And that's not just what progressives are saying. Even the National Automobile Dealers Association -- which often leans slightly to the right -- has criticized elected officials for their actions.
Why? Because all the screaming and shouting put a crimp in showroom traffic. Though car sales rebounded later in the month, the uncertainty caused by the shutdown made shoppers scale back on spending, at least temporarily. And as we all know, when demand drops, so do prices.
Nowhere was that seen more clearly than in the used car market, where prices fell more sharply than they had in two years. According to NADA, used car prices tumbled 3.5 percent in October -- the kind of dip not seen since October 2011.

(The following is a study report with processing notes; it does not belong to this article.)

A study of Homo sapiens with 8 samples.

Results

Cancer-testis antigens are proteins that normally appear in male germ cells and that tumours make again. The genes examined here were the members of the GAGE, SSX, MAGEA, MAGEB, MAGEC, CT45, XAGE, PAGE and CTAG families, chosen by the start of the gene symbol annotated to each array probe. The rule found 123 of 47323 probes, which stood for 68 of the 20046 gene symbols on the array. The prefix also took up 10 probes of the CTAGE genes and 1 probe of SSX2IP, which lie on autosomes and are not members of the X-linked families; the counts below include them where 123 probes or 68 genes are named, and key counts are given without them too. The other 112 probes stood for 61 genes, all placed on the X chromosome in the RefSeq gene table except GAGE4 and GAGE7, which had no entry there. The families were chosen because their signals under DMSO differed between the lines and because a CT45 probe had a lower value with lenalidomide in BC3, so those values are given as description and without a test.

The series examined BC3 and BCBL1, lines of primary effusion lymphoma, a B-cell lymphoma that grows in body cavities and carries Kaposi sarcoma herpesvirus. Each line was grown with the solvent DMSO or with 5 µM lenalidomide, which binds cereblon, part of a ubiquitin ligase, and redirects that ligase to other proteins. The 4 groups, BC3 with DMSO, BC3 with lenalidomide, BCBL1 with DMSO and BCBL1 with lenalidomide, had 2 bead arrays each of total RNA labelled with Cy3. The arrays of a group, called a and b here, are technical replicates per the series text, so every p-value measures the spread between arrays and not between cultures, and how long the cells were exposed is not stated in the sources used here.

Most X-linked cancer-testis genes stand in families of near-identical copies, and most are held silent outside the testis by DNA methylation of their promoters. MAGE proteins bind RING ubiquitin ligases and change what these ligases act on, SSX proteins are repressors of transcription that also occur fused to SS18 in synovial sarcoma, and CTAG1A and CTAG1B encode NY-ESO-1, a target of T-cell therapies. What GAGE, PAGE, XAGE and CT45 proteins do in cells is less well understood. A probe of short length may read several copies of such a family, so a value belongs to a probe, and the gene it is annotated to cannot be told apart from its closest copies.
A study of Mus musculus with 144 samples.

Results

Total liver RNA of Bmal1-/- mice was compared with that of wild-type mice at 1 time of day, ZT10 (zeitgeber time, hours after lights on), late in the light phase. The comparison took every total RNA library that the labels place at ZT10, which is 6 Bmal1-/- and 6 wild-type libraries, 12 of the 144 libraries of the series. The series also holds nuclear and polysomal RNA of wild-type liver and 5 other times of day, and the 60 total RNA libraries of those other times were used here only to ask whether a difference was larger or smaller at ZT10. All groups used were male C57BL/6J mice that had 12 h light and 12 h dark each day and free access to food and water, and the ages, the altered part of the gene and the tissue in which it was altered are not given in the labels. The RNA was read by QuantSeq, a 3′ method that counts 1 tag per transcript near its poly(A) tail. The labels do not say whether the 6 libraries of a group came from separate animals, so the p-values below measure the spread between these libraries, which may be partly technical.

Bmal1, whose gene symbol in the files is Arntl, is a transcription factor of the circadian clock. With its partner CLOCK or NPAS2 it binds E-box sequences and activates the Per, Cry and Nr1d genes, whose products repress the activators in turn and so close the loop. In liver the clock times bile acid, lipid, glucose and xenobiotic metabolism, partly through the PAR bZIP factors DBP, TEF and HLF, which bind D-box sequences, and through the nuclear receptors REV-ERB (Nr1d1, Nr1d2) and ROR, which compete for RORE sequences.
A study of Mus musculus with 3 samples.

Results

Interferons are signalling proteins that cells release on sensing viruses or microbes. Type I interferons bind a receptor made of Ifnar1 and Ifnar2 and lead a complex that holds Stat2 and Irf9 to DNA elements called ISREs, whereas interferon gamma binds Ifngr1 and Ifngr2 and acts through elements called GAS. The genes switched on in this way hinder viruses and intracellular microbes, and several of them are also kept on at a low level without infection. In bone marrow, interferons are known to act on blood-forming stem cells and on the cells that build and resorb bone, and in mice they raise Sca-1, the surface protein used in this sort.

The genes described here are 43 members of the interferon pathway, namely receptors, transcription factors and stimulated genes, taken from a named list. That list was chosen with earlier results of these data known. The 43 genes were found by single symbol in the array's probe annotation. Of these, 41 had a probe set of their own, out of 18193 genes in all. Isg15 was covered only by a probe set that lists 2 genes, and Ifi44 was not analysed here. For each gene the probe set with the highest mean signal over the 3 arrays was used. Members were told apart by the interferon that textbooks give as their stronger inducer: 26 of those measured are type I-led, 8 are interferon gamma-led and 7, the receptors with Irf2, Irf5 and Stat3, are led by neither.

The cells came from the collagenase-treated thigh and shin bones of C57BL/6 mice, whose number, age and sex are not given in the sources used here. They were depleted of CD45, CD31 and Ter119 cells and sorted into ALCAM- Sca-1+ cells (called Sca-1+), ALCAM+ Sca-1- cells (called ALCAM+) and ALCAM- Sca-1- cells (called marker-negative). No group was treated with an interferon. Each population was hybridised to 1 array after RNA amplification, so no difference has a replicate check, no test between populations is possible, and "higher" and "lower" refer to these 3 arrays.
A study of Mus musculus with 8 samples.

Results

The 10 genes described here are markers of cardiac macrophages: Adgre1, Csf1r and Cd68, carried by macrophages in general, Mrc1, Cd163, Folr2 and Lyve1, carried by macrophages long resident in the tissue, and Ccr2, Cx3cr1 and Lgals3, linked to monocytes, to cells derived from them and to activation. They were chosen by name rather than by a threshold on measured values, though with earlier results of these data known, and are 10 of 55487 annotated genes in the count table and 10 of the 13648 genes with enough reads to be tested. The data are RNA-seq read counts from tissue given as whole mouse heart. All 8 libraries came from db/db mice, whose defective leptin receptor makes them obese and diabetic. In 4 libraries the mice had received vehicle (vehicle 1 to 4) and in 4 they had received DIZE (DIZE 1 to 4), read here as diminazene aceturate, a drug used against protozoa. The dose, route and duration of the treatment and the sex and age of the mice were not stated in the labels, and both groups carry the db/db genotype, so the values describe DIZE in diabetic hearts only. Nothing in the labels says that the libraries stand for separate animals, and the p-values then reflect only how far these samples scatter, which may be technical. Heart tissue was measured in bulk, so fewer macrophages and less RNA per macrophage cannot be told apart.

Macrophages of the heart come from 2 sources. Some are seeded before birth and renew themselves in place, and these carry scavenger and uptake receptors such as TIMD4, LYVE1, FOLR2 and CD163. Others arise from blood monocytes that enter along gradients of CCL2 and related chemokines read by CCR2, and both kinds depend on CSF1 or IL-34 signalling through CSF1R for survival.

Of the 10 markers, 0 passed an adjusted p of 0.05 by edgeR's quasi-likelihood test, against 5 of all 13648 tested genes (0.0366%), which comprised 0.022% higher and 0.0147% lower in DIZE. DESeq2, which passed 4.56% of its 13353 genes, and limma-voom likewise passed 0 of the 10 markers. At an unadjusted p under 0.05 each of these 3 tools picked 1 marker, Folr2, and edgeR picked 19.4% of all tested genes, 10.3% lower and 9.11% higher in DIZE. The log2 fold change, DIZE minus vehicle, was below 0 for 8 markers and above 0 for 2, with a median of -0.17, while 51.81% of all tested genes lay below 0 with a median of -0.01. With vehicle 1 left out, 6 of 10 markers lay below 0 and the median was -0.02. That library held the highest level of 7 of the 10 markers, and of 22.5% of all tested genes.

NADA's Jonathan Banks says that the downturn in prices could've easily been prevented: "Without the drama created by federal lawmakers that resulted in the shutdown, it's likely that October's rate of decline would have been directly in line with recent seasonal norms."
The biggest losers were used midsize vans, which slipped 4.7 percent. Used luxury cars fell slightly faster than normal, too, at 3.8 percent. And even used compact cars took a hit, with prices falling 3.6 percent. The average price of a used car up to eight years old currently hovers at $15,066.
That said, the news isn't entirely bad (for dealers, anyway): used car prices are still 0.5 percent higher than they were at this time last year.
The moral of the story? If you're in the market for a used car, now would be a great time to begin looking -- especially if you live in or near a city like New York, Detroit, or Cleveland. You'll pay significantly less than you would just a few months ago.
Of course, real bargain-hunters might opt to wait a bit longer: NADA expects prices to slip another 1.9 percent before the end of the year.